Whoa. Did I Really Just Eat 4 Servings of Pop-Tarts?
I used to be your typical health hater.
“I hate vegetables.”
“Mm. I’ll stick with my chips.”
“I just say NO to exercise!”
I thought that I was just fine. I ate fruits, I took my multivitamins, and I figured that the occasional binge wasn’t too terrible. After all, I still had a healthy glow, right? Yet, my healthcare provider kept telling me that I was eating terribly, did close to no physical activity, and that if I didn’t change something there would be terrible consequences. So, for a while, I obsessed over what I ate. I counted every calorie that I put into my mouth and made sure that I ran around my neighborhood for at least an hour, but it was so difficult that I couldn’t stick with that plan for long. Consequently, I went back to my old eating habits of snacking whenever I was bored. However, I began to worry about my health, about the unhealthy future that my healthcare provider had predicted for me.
A few weeks ago, my office provided training on nutrition. By this point, I knew how to read food labels, and I knew how many calories I needed, but I was clueless as to how to apply any of it. I tried to learn, but the internet didn’t provide me with any hands on knowledge. For the first time since I was ten, I learned what a portion was supposed to look like, and I could actually understand it now since I wasn’t a child anymore. It was helpful for me to see that some of the things that I thought were unhealthy for me, like sodium and carbs, were actually necessary for my body (in moderation, of course). Nevertheless, I was still skeptical about the whole idea of eating healthy. It sounded great in theory, but that didn’t change the fact that I hated vegetables and couldn’t find it in myself to say no to my favorite dessert.
That’s where my sister came in. She had recently moved to a different state, and she invited me to come visit her over vacation. To be honest, I was a bit scared. She was constantly talking about her new eating lifestyle, and it didn’t seem very appetizing to me: lots of vegetables and weird meats. But I accepted, because I wanted to see her.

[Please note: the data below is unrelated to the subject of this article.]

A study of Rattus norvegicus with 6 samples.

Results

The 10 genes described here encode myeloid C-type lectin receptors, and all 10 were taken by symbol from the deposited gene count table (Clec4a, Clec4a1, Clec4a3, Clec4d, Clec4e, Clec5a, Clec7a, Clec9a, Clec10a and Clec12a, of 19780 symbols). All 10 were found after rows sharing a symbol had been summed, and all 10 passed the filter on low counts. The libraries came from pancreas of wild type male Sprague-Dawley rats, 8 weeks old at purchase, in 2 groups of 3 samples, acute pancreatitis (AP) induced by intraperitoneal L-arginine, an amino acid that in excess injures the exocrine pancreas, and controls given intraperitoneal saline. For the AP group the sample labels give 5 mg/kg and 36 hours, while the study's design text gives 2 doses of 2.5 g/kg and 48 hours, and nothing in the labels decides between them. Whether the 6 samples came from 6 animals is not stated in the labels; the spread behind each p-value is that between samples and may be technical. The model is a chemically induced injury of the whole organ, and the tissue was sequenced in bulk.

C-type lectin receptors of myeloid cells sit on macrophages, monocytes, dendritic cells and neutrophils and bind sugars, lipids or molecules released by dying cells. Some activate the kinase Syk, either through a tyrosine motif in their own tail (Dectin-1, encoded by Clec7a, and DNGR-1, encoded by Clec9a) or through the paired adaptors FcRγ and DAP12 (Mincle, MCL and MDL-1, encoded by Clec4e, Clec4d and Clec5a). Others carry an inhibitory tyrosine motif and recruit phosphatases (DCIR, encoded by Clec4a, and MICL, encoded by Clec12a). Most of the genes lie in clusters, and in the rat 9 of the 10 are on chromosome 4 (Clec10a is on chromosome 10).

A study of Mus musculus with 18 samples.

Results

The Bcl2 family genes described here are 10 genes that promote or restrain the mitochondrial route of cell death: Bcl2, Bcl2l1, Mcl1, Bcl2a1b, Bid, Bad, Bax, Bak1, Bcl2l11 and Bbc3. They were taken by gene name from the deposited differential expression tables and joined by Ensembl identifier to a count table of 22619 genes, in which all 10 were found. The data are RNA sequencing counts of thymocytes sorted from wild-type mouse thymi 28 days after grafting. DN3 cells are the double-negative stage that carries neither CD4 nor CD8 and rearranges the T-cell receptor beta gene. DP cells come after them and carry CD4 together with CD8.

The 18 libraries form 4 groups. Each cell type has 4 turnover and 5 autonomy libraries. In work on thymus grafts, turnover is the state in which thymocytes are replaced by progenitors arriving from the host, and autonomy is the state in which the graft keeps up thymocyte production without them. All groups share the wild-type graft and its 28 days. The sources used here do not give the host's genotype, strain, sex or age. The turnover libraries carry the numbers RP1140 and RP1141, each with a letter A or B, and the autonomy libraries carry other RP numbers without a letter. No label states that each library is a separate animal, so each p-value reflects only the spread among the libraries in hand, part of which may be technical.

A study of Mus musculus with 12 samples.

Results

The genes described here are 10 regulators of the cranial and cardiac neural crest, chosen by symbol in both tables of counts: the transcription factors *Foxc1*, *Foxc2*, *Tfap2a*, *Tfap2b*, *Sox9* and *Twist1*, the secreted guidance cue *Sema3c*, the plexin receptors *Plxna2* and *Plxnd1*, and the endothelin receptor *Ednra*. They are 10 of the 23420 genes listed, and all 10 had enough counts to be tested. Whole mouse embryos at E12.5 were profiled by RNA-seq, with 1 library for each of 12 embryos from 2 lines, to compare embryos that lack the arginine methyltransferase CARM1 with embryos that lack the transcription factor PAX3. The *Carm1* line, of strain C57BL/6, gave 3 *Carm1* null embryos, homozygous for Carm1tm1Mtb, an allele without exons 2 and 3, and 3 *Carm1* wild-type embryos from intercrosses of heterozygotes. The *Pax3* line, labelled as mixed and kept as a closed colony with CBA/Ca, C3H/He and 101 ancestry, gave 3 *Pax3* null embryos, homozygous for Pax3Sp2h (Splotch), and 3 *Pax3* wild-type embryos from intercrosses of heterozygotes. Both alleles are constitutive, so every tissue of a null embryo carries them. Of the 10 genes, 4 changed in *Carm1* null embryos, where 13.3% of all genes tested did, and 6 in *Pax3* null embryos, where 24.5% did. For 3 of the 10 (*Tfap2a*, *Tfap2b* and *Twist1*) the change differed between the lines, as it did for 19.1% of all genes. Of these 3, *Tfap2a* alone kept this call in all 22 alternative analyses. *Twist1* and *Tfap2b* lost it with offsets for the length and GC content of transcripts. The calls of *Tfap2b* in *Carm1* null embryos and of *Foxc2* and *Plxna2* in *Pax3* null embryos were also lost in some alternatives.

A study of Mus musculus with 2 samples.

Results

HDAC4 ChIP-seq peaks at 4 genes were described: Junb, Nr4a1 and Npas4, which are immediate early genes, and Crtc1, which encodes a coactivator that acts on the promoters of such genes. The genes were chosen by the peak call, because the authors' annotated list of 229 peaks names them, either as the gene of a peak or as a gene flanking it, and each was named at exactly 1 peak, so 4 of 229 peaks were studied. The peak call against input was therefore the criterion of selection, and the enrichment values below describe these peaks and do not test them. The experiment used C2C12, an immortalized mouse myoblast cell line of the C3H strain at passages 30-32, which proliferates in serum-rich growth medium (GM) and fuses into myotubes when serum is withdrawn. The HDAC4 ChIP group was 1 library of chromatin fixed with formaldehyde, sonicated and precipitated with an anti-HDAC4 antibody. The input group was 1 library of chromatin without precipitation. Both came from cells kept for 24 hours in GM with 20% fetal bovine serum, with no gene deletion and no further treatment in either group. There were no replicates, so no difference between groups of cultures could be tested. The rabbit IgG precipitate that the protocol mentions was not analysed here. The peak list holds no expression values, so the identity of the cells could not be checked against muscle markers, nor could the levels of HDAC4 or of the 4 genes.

Dinner my first night at her place was along the lines of what I had expected: cooked, seasoned kale, sweet potatoes, and sausage (or so I thought until she revealed later that the meat was actually chicken gizzards). It was so good that I asked for seconds, along with the recipe. Every meal I ate that week had at least two servings of fruits or vegetables, but everything was so delicious that I couldn’t complain at all. It was as if a whole new world of food had been opened to me. We walked around a lot during that week, but I didn’t get tired at all because it didn’t feel like I was doing a workout. It felt like I was having fun. There were more benefits too. By the end of the week, my skin cleared up and I felt much more awake, despite getting the same amount of sleep.
There isn’t really any secret to it. So often, when we think of being healthy, we think of diets, bland salads and long workouts at a gym. But it’s not. It’s about finding fruits and vegetables that you enjoy, made in such a way that you prefer it to the unhealthy alternatives. It’s listening to your body when it says that it’s full or hungry. It’s taking a long walk (or a few short ones) through the neighborhood on a beautiful spring evening. It’s making sure that your beautiful self is at its best. Food isn’t a punishment or a reward, and it’s okay if you eat something unhealthy every once in a while. As long as you take care of yourself, and realize that you look great no matter what, then that’s all that matters.